People

Master Ji: The Artisan With Dye Stained Fingers



 

Our second day in the blockprinting workshop, we were trying to figure out the right shade of blue for the Mobi Indigo by memory. Four of us standing there with the blockprinters, sifting through Pantone colour codes. It took us half an hour to find the card that best matched our recollection of the shade, and when we showed it to Master Ji for reference, he took one quick look, smiled, nodded, and rushed off into the dyeing room immediately. Watching him work is like playing catch up; one moment he’s mixing buckets of dye, then he’s at the other side of the workshop printing a motif on a small piece of fabric, back in the dye room steaming the swatch in a bottle over a stove, and then rushing to the stairwell outside to hang the fabric to dry under the heat of the sun.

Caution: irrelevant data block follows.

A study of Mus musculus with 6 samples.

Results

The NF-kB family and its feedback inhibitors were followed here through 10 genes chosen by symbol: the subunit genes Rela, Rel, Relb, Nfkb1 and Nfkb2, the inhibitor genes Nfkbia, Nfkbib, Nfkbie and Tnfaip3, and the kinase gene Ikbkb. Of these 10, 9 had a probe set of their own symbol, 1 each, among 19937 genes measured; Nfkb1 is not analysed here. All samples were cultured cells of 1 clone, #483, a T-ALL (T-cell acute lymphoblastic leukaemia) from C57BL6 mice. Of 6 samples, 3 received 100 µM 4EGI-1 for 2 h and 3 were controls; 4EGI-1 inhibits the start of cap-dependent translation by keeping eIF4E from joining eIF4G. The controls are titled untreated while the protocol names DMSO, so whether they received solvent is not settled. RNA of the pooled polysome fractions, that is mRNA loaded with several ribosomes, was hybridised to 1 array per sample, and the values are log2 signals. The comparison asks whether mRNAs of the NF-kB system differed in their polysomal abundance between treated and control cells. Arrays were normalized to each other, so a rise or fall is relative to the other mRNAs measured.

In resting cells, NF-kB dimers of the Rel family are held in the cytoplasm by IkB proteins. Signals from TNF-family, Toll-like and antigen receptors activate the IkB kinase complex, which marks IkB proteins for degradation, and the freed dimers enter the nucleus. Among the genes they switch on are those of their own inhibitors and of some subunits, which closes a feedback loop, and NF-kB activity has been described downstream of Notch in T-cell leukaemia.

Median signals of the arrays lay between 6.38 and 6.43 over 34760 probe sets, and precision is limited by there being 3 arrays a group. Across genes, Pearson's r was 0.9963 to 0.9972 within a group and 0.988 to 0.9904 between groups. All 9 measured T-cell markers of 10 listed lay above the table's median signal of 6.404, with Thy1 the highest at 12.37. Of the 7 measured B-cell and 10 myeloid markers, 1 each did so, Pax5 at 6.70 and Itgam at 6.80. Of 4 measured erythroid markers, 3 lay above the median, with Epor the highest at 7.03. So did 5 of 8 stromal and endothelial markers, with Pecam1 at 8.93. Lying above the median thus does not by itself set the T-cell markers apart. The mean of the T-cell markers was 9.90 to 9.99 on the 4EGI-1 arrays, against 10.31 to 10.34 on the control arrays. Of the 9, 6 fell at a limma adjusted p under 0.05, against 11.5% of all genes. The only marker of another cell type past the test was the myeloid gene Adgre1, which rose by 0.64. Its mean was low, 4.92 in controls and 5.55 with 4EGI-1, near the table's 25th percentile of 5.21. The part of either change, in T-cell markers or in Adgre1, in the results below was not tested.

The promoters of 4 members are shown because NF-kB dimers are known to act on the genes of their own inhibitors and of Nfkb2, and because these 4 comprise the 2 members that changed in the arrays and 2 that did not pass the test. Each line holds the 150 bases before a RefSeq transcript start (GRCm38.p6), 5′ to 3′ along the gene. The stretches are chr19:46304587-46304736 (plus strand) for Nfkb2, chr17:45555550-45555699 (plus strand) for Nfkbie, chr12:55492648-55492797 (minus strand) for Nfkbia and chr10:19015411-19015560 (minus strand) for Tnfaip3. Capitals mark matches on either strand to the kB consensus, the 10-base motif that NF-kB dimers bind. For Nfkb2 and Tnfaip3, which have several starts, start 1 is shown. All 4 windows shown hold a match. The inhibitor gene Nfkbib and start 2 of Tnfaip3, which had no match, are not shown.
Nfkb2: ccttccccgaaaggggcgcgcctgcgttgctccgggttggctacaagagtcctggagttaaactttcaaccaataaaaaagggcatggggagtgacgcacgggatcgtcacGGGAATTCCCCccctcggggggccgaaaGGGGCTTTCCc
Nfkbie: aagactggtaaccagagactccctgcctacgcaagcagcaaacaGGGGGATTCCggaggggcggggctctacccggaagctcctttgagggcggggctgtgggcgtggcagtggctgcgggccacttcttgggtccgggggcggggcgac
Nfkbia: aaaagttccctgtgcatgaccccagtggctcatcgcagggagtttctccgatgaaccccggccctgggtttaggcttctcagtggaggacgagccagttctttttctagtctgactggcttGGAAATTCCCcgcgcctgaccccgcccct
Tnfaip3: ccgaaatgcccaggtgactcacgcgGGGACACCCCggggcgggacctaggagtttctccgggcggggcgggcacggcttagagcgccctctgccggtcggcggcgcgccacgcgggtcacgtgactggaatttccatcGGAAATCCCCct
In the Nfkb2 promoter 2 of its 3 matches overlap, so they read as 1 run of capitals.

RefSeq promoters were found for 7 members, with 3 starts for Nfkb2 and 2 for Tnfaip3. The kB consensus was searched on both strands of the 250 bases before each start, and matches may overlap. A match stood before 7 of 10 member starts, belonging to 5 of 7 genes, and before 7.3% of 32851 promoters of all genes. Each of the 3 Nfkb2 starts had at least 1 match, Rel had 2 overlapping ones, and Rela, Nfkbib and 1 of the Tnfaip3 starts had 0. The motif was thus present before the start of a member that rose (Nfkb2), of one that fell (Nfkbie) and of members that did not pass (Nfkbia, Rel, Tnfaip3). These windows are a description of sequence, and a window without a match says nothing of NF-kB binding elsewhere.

Master Ji is one of the first in the blockprinting workshop in the mornings, preparing the dyes for the printers and checking the colour on fabrics printed the day before. Every morning when we stepped into the workshop, we would exchange “Shubh Prabhat”s (Hindi for good morning), and Master Ji would look up from what he was working on to smile, nod, and raise his colourful dye-stained fingers in recognition.




Each motif took 3-4 hours of thinking and testing to figure out how to fully lay the block and arrange it. When we asked Khushiram if this length of time was typical of their process with other prints, he laughed and said “No. Only MATTER blocks.” He told us that our blocks are challenging because they are not traditional, but the challenge is also what they love. Then Khushiram quipped, “But maybe the next print can be easier.” And Master Ji nodded and laughed in agreement.



Read our other articles on our artisan partners here.